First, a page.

View of Lisbon looking west.

View of Lisbon looking west.

Last weekend we decided to take a trip over to see Lisbon. Flights were very cheap from Nice and we’ve been wanting to visit for some time. We stayed in a very nice boutique hotel in central Lisbon called Lis Baixa (ask for room 305 or 405 as they are much larger). Good price, nice breakfast included and the people are super friendly.

We were also there on business as we’ve been looking into establishing residency in Portugal under the “non-habitual residency” program, a program that has significant fiscal advantages and would provide me with a visa that would allow me to stay in Europe as long as I want. Tax-wise, Portugal will not tax you on income earned outside of Portugal for up to ten years. So we wanted to go over and make sure we liked the place first, before we signed up.

And we did. Lisbon is a great city, and not overly huge with only 800,000 people. The whole country only has less than 10 million. It is a small country – 10% the size of British Columbia and 1% the size of all of Canada! You can drive across the country in a few hours or drive north to south easily in a day.

City gates and mosaic pedestrian-only roads

City gates and mosaic pedestrian-only roads

Downtown has many streets that are pedestrian only, paved with mosaics of black and white rocks. There is the continual ongoing sound of construction as Lisbon continues to transform itself, renovating classic buildings in popular neighborhoods such as Alfama, Baixa, Chiado, and Bairro Alto. There is definitely a real estate frenzy going on here, amplified by the non-habitual residency program, and also the “Golden Visa” program, which basically allows foreigners to obtain immediately residency (although you don’t have to live there) for an investment of 1 million euros or by buying real estate valued at $500,000 (and this may be lowered to $300,000).

It reminds me what Vancouver went through went it offered a similar program and so many people from Hong Kong took advantage of it back when Hong Kong was transferred back into Chinese hands. Well, the Chinese are the main people taking advantage of the Golden Visa program in Portugal as well, and it seems to be driving up prices. Many are buying sight unseen. Will be interesting to see where this goes.

Castle of Sao Jorge

Castle of Sao Jorge

Lisbon is like a bowl that is open on one side to the sea. To the east is the Sao Jorge Castle high on the hillside, with Alfama, the oldest area of Lisbon, at its base. The castle has been wonderfully restored and has an excellent museum, showing the transition from its earliest settlements in the 7th century BC, until the 19th century. Alfama is the old Medieval city, which was not damaged much by the 17th earthquake that hit 9.0 and destroyed a lot of the city.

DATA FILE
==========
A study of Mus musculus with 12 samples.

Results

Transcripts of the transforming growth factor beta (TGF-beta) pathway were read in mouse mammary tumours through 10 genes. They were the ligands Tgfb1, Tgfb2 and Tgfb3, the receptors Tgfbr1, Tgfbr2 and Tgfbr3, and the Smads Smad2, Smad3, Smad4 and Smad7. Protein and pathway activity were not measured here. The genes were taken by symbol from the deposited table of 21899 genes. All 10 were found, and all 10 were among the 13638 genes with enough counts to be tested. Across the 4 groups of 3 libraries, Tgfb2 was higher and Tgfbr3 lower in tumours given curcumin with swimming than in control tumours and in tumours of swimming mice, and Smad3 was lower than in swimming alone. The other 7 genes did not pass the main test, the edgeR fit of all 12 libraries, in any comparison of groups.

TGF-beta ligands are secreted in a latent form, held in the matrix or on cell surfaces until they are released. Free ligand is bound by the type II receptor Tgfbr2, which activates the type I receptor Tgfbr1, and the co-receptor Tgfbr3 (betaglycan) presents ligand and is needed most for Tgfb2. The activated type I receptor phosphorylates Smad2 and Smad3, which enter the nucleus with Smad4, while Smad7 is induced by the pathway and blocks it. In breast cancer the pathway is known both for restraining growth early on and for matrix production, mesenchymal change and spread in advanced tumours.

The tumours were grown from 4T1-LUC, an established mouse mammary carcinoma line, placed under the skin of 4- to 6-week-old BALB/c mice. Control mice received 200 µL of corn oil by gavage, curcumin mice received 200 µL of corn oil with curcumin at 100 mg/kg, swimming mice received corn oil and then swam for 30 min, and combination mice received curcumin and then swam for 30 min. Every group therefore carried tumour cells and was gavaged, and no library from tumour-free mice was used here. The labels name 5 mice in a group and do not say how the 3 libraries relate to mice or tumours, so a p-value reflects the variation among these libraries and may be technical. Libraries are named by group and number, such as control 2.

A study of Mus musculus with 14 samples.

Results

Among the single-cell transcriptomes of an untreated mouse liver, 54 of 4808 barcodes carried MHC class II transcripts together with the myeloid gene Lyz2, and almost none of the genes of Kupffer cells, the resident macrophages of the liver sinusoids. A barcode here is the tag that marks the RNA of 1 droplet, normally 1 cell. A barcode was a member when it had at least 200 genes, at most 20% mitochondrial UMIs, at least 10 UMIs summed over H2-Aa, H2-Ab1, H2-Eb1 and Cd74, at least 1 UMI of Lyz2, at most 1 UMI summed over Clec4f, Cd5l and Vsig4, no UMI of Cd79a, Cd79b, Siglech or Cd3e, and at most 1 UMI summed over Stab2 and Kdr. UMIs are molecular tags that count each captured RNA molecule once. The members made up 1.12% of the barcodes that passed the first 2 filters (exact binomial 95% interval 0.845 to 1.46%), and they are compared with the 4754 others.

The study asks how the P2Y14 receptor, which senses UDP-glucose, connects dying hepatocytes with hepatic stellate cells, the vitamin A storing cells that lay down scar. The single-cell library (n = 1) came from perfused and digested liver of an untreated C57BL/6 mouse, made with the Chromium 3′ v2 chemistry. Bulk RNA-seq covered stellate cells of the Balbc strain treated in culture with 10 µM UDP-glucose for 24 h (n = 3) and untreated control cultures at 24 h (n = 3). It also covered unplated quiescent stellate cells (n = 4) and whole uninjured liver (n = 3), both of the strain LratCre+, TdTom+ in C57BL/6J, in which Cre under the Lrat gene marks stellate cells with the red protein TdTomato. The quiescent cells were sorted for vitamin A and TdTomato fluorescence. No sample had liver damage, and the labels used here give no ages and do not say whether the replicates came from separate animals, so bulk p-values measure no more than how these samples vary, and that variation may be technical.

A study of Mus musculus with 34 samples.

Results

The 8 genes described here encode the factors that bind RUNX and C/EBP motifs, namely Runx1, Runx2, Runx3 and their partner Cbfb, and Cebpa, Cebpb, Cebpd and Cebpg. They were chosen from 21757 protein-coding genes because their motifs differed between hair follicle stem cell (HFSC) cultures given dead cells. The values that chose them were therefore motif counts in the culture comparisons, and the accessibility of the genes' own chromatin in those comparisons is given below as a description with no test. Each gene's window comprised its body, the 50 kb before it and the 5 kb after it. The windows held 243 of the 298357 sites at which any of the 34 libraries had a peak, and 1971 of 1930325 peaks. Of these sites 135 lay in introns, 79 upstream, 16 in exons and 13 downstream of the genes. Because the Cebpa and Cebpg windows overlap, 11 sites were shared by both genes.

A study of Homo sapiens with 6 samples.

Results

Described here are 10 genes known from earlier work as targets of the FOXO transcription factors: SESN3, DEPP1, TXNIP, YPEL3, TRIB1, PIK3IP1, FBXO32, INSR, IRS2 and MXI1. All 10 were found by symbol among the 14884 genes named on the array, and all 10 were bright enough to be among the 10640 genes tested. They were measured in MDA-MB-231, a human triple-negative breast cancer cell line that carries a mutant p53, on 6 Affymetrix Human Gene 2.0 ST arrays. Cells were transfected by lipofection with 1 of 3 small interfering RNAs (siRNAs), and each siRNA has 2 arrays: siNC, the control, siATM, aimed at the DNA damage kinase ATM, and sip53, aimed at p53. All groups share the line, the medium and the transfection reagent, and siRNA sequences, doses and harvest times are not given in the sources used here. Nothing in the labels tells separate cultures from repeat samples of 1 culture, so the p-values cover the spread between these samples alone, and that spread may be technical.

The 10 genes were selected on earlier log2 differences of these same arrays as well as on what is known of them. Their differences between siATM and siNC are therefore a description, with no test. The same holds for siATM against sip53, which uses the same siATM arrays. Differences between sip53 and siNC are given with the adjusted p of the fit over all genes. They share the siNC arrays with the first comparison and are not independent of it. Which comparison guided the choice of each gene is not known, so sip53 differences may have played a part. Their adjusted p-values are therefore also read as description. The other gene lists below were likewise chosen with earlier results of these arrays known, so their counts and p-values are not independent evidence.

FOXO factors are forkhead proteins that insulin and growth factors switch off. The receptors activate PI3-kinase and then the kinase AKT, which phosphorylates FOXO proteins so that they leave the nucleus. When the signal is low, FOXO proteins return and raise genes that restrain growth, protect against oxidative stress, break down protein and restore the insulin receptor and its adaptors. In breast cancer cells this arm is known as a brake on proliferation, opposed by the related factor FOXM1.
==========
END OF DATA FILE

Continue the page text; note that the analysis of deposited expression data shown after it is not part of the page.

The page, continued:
View from Hotel do Chiado Sky Bar looking east.

View from Hotel do Chiado Sky Bar looking east.

Hotel do Chiado has a lovely Sky Bar and offers great views of Lisbon. It also has an oyster bar and a good selection of wines. We and a bottle of Roquette & Cazes wine from the Douro region, ,that is a joint venture between the Lynch Bages family, whose boutique hotel and vineyard we visited in Bordeaux, and a Portuguese wine family (Roquette). Great wine, washed down well with their cheese plate.

On the west hillside is the fashionable neighborhood of Chiado, with its high-end shopping and real estate. A little further is Bairro Alto, where the nightlife goes on all night long, with lots of restaurants, cafes and nightclubs. A great place to take in the view is at the sky bar at the Hotel do Chiado, right next to the Armazens do Chiado shopping center and the historic elevator.

Cascais

Cascais

We rented a car one day and drove west out to Cascais and then up the west coast to Sintra. Cascais is a touristy beach town with nice beaches and some surf. The west coast opens up to the Atlantic ocean and when we were driving the wind was blowing and the sea was very restless. It is a very dramatic coastline, high hills with rocky cliffs below that are pounded by the relentless sea. We wound our way up to Sintra, but it was now mid’ day and all the tourists were out. Sintra looks amazing but we couldn’t find a parking place anywhere. We ended up finding a restaurant outside of town and definitely plan to go back when we return in September.

We returned back to Lisbon and that night we walked the streets of Alfama. What a great neighborhood, with windy streets, trolley cars going up and down, all sorts of real estate styles, and many churches and monuments and views of the city and river. It is definitely our favorite area (so far) of Lisbon, and I can’t think of a city that is as fun to walk. Paris is great in its way, but this just has a lot more funkiness thrown in.